171 points by matt_d 10 months ago | hide | past | web | favorite | 9 comments



One thing worth trying out as well are the folly::F14 hashmaps (https://github.com/facebook/folly/blob/master/folly/containe...), which has a roughly similar design. You can find some discussions on the performance tradeoffs by the SwissTable and F14 authors at https://groups.google.com/forum/#!msg/hashtable-benchmarks/-....


This is a fantastic explanation of developments in hash tables in general.

If anyone is interested, I recently released a scalable hash table for Node.js (@ronomon/hash-table), designed to store literally billions of elements without stressing the GC.

At first, I tried writing a native addon module for Node.js in C (using SIMD), but the Javascript-to-C call cost was just too high, and doubled latency. In the end, I was surprised to find that writing directly in Javascript proved faster than the C module with SIMD, simply by avoiding the bridging cost.

Also, instead of linear or quadratic probing (or double hashing or triangular probing), I used cuckoo hashing, but with a twist. Normally, in the case of a naive cuckoo hash table, if an element is not in its first bucket, then its second bucket must be fetched from memory, causing a cache miss, which for a hash table is embarrassingly slow. This is why SwissTable and F14 tend to avoid naive cuckoo hashing.

However, in our design, the first bucket includes an 8-byte coarse-grained bloom filter (k=1, or a single bit per element). If the element is not in this bloom filter, the element is guaranteed not to be in either of its first or second buckets, and a cache miss can be avoided nearly 90% of the time. Using cuckoo hashing in this way then starts to produce major advantages over linear probing: no tombstones, higher load factor (which has knock-on implications for resize latency), and constant time worst-case lookups.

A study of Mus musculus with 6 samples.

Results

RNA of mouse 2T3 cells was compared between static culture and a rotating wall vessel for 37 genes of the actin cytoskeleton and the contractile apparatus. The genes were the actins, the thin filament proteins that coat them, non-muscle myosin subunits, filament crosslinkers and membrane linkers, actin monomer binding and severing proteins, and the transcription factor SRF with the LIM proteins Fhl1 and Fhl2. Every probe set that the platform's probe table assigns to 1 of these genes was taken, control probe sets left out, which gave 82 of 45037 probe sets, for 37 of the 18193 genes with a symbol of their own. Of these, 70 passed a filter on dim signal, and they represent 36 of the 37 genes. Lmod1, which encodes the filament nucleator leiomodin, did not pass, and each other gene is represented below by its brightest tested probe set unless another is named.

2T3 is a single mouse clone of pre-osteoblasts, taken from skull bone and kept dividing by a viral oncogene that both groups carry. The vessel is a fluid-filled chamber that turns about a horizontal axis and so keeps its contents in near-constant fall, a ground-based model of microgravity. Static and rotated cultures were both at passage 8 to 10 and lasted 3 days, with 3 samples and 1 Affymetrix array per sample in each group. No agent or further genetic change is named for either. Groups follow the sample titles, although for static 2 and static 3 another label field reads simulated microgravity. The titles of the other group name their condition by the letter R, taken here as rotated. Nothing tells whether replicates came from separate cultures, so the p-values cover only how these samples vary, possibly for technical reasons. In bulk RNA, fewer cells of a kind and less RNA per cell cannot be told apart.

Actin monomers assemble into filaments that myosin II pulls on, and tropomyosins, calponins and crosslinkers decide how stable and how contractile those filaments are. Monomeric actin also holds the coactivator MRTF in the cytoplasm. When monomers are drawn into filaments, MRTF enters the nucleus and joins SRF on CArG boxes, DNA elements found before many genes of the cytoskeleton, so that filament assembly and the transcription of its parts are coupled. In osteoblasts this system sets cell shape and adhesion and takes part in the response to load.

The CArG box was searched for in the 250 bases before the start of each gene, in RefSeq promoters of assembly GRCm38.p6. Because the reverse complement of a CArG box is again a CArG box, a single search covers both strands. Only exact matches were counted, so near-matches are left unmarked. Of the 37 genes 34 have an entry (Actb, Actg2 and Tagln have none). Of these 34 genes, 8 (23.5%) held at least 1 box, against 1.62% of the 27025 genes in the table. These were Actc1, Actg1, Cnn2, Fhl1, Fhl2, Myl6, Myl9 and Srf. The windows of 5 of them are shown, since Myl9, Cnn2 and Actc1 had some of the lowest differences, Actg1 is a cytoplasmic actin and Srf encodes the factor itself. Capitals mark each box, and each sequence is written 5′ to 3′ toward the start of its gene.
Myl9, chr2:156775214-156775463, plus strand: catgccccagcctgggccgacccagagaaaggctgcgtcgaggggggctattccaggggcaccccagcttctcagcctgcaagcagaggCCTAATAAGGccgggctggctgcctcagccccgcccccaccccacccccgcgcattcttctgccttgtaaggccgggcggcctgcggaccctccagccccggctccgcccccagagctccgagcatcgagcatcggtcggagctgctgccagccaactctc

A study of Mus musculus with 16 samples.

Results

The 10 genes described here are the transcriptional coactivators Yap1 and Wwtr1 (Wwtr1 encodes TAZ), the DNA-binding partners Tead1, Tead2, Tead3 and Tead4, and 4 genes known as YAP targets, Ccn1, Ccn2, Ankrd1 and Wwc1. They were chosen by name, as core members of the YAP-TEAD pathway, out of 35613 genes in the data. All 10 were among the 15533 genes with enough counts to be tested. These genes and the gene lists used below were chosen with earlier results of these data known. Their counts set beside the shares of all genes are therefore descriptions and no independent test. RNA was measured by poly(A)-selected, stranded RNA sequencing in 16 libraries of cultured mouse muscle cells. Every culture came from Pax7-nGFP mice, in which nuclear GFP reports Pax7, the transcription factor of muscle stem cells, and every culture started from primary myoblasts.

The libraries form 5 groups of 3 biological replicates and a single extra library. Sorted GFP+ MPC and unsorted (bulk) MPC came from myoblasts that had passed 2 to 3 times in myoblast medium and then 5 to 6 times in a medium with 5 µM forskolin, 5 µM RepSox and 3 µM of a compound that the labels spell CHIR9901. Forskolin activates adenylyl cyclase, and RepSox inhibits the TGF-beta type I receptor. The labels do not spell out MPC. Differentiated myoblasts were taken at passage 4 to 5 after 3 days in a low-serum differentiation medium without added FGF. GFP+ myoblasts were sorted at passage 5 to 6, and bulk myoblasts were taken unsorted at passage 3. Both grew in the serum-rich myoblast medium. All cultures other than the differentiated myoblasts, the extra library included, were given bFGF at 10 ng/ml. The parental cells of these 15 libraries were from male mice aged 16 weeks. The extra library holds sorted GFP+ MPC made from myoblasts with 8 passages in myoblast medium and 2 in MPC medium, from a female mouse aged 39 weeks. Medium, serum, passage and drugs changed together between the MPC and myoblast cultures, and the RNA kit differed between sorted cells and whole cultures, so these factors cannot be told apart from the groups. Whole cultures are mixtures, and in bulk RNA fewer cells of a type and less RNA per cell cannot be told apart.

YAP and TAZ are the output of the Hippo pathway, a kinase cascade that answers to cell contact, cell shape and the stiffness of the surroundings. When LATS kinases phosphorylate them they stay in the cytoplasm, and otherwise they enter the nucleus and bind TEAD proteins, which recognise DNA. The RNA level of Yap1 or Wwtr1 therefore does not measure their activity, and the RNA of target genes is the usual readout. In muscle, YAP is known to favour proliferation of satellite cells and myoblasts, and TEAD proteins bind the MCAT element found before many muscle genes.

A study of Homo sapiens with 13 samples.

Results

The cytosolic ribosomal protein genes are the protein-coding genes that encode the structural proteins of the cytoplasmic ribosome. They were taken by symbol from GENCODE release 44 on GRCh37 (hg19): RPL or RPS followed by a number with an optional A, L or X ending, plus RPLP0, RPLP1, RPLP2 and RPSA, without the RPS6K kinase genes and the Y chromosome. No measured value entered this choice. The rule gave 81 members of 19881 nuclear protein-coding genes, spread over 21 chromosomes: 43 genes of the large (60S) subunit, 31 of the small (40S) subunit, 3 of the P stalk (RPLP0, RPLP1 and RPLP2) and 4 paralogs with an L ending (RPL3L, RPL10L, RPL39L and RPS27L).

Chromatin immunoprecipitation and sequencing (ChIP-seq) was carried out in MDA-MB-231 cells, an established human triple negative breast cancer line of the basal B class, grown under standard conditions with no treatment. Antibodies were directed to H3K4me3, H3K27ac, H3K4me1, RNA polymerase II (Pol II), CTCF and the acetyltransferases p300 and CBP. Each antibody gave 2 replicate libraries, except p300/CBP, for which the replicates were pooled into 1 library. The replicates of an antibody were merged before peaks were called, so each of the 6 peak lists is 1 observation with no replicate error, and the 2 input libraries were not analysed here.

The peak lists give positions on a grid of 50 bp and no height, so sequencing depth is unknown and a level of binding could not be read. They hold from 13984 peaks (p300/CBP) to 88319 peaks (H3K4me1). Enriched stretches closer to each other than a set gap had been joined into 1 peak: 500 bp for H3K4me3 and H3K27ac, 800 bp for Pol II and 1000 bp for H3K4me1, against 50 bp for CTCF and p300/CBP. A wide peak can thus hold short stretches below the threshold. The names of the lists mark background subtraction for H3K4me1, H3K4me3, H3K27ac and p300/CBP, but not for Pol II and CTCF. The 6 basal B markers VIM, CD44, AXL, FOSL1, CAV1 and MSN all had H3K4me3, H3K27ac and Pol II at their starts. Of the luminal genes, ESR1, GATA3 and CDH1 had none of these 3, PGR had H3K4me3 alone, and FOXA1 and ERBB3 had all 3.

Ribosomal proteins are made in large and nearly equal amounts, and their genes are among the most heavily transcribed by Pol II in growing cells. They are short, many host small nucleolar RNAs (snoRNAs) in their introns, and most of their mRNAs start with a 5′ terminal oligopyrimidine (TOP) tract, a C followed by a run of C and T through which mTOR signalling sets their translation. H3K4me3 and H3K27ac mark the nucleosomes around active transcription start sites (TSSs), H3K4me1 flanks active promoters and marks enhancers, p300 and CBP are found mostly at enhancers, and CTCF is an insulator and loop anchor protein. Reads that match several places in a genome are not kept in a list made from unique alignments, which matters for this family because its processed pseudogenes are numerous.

More design details are here:

https://github.com/ronomon/hash-table


I read TFA discussion of performance issues for hashmaps, and I see that deletes are something of a serious hindrance. As I often use hashmaps for a single-pass accumulation or transformation of data, I suspect that a hashmap without a delete operator might be designed to give superior performance in many such cases. Is this so, and are there any such implementations of hashmaps, mutable but with no delete method?


Without the delete tombstone it can be made much faster, yes. I wrote one recently: https://github.com/LibreDWG/libredwg/blob/master/src/hash.c


Bloom filters are an example of a hashing data structure that does not support delete. So yes, such a tradeoff can be made.

Maybe some DHT implementations also make deletion hard? (In general, I'd much rather mark something as invalid than delete it.)


I think GP is talking about improving performance just by omitting deletion support in hash maps. For example the tombstone marking in the original article won't be necessary. Experience tells me that for a host of data structures (vectors, BSTs, hash maps and many others), omitting deletion support can simplify the code a lot as well.


There’s cuckoo filters.


Whats the TFA discussion? Can you say why are deletes such a serious hindrance?


wasn't the original folly hashmap exactly that?